If you look at headlines, the feminist movement has reportedly been gaining traction. But has that translated into the business world? Sort of. Women are more prevalent in leadership, but we’re still a bit off from parity. Though, it seems some women have worked around gender biases in business by starting and owning their own businesses. There were 9.9 million women-owned businesses in 2012, up from 7.8 million in 2007.
We looked at the US Census Bureau’s 2012 Survey of Business Owners to find out how that 9.9 million spread across each state. But before we get into the results, let’s note two things.
First, this 2012 report is the most recent data available from the Census Bureau. Books (#GIRLBOSS, Lean In, etc.) and cultural events (#MeToo, #TimesUp, women’s marches, etc.) have likely influenced women in business. We look forward to seeing how these societal shifts have affected female business owners in the next survey’s results. Second, we understand people identify outside of the gender binary used in the report, which may skew the results.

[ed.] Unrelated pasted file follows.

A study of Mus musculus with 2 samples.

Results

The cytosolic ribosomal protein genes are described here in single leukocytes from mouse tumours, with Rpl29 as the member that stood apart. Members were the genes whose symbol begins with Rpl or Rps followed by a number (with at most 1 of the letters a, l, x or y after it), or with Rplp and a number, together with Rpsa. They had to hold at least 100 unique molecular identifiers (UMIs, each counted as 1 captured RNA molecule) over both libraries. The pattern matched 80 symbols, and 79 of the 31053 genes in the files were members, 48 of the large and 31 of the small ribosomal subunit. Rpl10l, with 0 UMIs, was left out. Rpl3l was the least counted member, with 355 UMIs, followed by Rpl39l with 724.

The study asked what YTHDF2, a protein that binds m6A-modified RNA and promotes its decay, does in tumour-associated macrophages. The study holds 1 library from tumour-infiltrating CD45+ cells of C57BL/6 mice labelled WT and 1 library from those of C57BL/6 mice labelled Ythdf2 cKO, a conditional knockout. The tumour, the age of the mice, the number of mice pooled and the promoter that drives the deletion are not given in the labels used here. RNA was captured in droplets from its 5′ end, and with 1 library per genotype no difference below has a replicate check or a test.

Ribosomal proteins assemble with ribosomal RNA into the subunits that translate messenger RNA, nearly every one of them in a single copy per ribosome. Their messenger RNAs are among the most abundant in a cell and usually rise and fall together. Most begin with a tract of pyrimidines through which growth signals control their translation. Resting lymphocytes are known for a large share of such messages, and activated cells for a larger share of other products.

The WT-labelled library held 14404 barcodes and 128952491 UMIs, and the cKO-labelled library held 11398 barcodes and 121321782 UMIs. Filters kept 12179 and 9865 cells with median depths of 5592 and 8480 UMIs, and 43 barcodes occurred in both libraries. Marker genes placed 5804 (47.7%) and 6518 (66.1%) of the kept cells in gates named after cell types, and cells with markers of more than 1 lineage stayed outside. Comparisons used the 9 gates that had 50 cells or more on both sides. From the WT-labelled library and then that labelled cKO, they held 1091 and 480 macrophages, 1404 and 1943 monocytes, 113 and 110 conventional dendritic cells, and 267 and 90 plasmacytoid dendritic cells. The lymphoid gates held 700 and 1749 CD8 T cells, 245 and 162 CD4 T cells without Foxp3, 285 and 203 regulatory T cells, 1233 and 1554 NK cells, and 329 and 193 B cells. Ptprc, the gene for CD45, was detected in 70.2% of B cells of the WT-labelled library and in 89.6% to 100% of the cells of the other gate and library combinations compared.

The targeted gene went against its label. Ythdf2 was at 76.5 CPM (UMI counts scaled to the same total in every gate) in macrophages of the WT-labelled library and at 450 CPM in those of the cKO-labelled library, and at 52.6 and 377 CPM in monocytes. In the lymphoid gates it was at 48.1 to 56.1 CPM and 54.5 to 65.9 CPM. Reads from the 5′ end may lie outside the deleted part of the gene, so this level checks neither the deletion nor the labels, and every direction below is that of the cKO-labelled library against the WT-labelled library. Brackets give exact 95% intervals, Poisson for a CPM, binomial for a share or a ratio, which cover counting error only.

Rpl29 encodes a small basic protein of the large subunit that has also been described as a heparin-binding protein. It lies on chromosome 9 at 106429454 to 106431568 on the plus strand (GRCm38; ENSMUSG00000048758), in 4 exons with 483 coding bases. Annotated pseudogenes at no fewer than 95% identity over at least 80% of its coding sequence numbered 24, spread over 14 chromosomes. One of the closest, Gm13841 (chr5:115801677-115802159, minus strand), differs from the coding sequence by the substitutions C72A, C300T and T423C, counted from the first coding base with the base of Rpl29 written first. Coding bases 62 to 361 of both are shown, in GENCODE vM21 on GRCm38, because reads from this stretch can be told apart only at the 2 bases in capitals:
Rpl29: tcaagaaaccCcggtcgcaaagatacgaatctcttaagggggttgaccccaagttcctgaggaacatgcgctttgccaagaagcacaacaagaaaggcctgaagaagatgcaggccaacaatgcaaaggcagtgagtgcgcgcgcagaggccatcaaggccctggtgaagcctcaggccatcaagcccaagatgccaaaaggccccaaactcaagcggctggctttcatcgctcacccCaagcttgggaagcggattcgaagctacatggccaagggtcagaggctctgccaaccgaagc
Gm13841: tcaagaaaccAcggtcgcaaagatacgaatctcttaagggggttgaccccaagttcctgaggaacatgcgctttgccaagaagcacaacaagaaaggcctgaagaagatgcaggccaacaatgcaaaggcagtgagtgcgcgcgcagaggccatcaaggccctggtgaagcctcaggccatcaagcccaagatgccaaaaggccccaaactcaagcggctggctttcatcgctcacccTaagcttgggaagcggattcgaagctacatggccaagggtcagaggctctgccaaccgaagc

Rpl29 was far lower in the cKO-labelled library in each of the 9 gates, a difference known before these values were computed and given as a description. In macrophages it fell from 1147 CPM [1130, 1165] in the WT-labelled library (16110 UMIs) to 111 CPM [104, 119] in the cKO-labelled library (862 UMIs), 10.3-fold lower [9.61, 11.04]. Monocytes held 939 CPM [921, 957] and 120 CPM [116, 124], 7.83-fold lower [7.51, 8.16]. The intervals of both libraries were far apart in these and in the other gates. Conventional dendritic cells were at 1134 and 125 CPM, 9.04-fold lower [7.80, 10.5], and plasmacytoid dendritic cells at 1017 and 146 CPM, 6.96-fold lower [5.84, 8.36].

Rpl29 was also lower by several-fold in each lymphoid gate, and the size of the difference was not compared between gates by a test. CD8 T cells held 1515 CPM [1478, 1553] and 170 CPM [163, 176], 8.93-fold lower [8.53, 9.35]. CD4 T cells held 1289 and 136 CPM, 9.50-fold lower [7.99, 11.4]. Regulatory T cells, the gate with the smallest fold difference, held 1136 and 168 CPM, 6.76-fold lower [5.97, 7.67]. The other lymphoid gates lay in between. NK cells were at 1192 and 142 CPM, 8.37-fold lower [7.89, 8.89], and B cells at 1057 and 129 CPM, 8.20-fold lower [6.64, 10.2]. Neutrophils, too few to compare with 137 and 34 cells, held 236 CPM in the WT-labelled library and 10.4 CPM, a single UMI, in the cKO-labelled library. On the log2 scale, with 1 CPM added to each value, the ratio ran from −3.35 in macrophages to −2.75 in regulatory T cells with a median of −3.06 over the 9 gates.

Data source: US Census Bureau’s 2012 Survey of Business Owners
So, What Did We Find?
Alright, let’s get into some of our findings. Female-owned businesses ranged from about 39 percent to just under 52 percent of the overall businesses in each individual state. This includes “non employer” companies, which don’t have paid employees. These tiny businesses made up the vast majority (89.5 percent) of women-owned companies, indicating many women entrepreneurs are solopreneurs.
What shocked us most were the states that ranked the worst. The lowest performers were overwhelmingly Northeastern states. The eight states with the fewest women-owned businesses were New York, Maine, Connecticut, Rhode Island, New Jersey, New Hampshire, Massachusetts, and Pennsylvania last. In fact, Maryland is the only Northeastern state that isn’t in the bottom half—it ranks fourteenth.
On the other side of the scale, of the ten states with the highest percentage of female-owned businesses, all but one (Florida) have populations with fewer females than the US median. New Mexico, Idaho, Washington, and Wyoming were the top four—50 percent or more of businesses in these states are owned by women. The feminist movement may have a long way to go, but this alone indicates good progress.